As much as we depend on it, it was never designed to be a 100% reliable communications medium. And with the rise of spam over the past 10 years, it has become a blessing and a curse to System Admins the world over. We continually are balancing on that line of “How come I never got that email?” vs “Why do I get so much spam?”
So, when your client asks you to build and manage a mailing list system, you cringe as you KNOW that sometime, somewhere down the line that these thousands of messages being sent out WILL cause you a headache.
Companies and service providers tend to use a mix of internal and external rules, blacklists, whitelists and other automated policy to achieve a reduction in hearing either of those two questions above. (We love you users, but not hearing from you is the best praise)
These systems tend to clash with each other when thrown into the real world. We don’t want YOUR spam, but you had better accept messages from MY customers mailing list.
In terms of infrastructure, the best way to stay off the radar of other systems as a possible source of spam is to make sure you have good reverse DNS, proper and resolvable HELO responses and that you adhere to RFCs in the way your MTA behaves.
In terms of the actual email you send and the entire life-cycle of those messages, the best way to build and maintain a good reputation is not to send email to recipients that don’t exist. Yahoo is one of those providers that will ding you hard and shut down incoming mail from you if you send too many messages to unknown or disabled recipients. Two of our clients learned the hard way when their older systems for sending email did not include a method for handling bounces.
What they did have in their favor was a bottleneck function for sending email. Any email sent by the system was sent by this function and not directly using the built-in PHP mail() function. This gave us a place in the code to alter how the email is delivered. We could then make sure that bounces would come back to us in a way that we could easily detect the original recipient. Mailing list software that does automated bounce handling (like mailman) does this kind of thing all the time.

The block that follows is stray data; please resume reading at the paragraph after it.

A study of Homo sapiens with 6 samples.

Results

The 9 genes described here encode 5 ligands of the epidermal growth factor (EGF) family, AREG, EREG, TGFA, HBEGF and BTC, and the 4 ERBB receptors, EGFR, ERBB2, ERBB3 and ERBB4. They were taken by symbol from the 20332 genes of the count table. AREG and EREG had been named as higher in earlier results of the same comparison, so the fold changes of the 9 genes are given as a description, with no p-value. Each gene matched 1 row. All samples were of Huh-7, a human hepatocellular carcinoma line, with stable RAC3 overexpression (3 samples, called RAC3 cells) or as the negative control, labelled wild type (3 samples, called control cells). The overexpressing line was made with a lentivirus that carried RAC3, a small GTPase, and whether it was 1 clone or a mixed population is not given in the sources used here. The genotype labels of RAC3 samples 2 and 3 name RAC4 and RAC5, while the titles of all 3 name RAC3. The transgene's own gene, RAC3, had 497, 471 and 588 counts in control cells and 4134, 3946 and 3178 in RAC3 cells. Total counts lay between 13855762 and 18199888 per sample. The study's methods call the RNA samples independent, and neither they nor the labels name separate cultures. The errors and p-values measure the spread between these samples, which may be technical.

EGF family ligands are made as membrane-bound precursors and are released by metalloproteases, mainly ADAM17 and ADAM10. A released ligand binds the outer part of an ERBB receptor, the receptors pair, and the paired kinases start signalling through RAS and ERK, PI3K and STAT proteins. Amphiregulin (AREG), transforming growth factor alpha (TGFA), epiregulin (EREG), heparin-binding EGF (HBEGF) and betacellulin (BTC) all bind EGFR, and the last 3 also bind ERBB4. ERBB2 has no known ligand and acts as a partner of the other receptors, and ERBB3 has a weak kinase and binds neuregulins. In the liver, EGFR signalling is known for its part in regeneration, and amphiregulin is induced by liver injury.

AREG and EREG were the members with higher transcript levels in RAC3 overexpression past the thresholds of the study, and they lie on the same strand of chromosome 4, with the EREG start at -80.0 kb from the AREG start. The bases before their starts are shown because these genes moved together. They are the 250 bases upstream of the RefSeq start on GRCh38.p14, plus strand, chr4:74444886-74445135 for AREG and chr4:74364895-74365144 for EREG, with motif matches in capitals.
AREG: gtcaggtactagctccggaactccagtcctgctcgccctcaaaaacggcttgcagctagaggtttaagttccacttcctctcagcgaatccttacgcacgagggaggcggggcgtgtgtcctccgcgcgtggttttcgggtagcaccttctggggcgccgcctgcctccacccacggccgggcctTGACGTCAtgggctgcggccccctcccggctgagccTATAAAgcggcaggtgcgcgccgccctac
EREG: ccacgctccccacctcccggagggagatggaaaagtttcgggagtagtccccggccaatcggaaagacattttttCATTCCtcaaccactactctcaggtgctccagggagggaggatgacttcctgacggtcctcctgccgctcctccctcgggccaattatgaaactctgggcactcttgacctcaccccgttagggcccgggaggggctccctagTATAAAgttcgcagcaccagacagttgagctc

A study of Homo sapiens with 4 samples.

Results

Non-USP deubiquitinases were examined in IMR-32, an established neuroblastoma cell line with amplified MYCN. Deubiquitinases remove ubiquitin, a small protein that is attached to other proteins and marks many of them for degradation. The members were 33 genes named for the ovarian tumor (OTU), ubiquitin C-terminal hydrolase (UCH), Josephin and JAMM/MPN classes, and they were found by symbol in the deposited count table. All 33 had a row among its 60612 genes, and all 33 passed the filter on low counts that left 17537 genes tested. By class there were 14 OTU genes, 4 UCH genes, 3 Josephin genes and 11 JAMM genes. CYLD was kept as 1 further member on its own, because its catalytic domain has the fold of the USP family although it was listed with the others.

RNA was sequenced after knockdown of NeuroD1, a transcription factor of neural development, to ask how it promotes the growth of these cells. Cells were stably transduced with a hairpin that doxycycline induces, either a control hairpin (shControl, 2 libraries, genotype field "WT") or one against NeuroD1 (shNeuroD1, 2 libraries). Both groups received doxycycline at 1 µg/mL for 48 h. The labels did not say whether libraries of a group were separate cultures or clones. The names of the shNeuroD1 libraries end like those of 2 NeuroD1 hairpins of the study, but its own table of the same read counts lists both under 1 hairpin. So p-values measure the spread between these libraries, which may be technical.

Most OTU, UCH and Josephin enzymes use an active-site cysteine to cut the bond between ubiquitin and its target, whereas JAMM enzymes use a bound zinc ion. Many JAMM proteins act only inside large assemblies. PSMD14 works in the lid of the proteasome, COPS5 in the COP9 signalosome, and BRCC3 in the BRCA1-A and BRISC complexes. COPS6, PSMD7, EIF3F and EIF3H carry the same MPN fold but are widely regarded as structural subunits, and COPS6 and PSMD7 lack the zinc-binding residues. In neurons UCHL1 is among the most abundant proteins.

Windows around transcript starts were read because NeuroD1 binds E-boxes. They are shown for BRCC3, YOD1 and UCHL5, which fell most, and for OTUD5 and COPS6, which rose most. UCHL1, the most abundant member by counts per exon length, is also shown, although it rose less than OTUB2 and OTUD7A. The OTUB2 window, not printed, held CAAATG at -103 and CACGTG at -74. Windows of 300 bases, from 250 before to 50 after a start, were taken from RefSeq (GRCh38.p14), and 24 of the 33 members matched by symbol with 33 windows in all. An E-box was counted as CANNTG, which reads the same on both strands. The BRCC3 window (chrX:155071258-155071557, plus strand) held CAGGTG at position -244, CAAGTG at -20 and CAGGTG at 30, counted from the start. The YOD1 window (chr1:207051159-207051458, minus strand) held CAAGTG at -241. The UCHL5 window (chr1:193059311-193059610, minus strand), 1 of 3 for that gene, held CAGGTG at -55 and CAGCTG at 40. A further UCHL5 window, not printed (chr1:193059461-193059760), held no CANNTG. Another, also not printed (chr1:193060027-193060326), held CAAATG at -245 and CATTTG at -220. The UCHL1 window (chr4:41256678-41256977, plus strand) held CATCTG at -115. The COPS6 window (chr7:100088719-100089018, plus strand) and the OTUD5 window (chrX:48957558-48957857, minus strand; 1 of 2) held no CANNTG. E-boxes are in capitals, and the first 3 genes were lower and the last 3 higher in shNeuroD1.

Quick overview of how email is sent.
You have what is known (in SMTP parlance) as the envelope and the payload. This is very analogous to sending a letter through the postal mail. You have a letter (the payload) which could be your letterhead, it may have a date and a To: and From: and Regarding:, etc… You pop that into an envelope (the envelope) and address it with who the letter is to be delivered to and what the return address is for if the letter cannot be delivered. Your message could be delivered to someone who is not actually the person listen in the headers of your actual letter and the return address could also be different from the From: portion of your letter as well. You could send a Blind Carbon Copy of the letter to a third party who is unnamed in the letter by sending another copy with their delivery address on the envelope.
So, we’ve established that the information on the outside of the envelope doesn’t necessarily have to have any relation to those named on the letter inside the envelope. Since it is your email program that reads the information in the payload and never sees the information on the “envelope”, this gives us tremendous flexibility in how we send email messages with customized envelopes that aid in our bounce detection.
What happens when an email bounces? A new message is created with special parameters.
Who gets the bounce message? The envelope recipient of a bounce is exactly what was defined as the envelope sender of the original message.
What gets bounced? That depends. There are no strictly adhered to standards as to what a bounce message looks like. What is in the payload could take a hundred different forms as mail server software vary as to what they place into the bounce message payload. Usually a Subject header with “Undeliverable” something or other.
What is the sender of a bounce message: BLANK. This prevents bounces from eternally being rebounced as there is no one to return it to (this is known as a double bounce)
Efficient delivery of email can send a message that was originally addressed to multiple people by only delivering a single digital copy of the message to a server (assuming the recipients are all hosted on the same end server.) However, with bounce messages, the address(es) the message did NOT make it to are NOT part of the only strictly adhered to portion of the Delivery cycle, the SMTP envelope. Parsing of the bounce payload is required with standard SMTP envelope usage. This is not exact and can fail as a bounce detection method.
What we need is to have some way of detecting the EXACT recipient that bounced. See the next article for one method of solving this problem.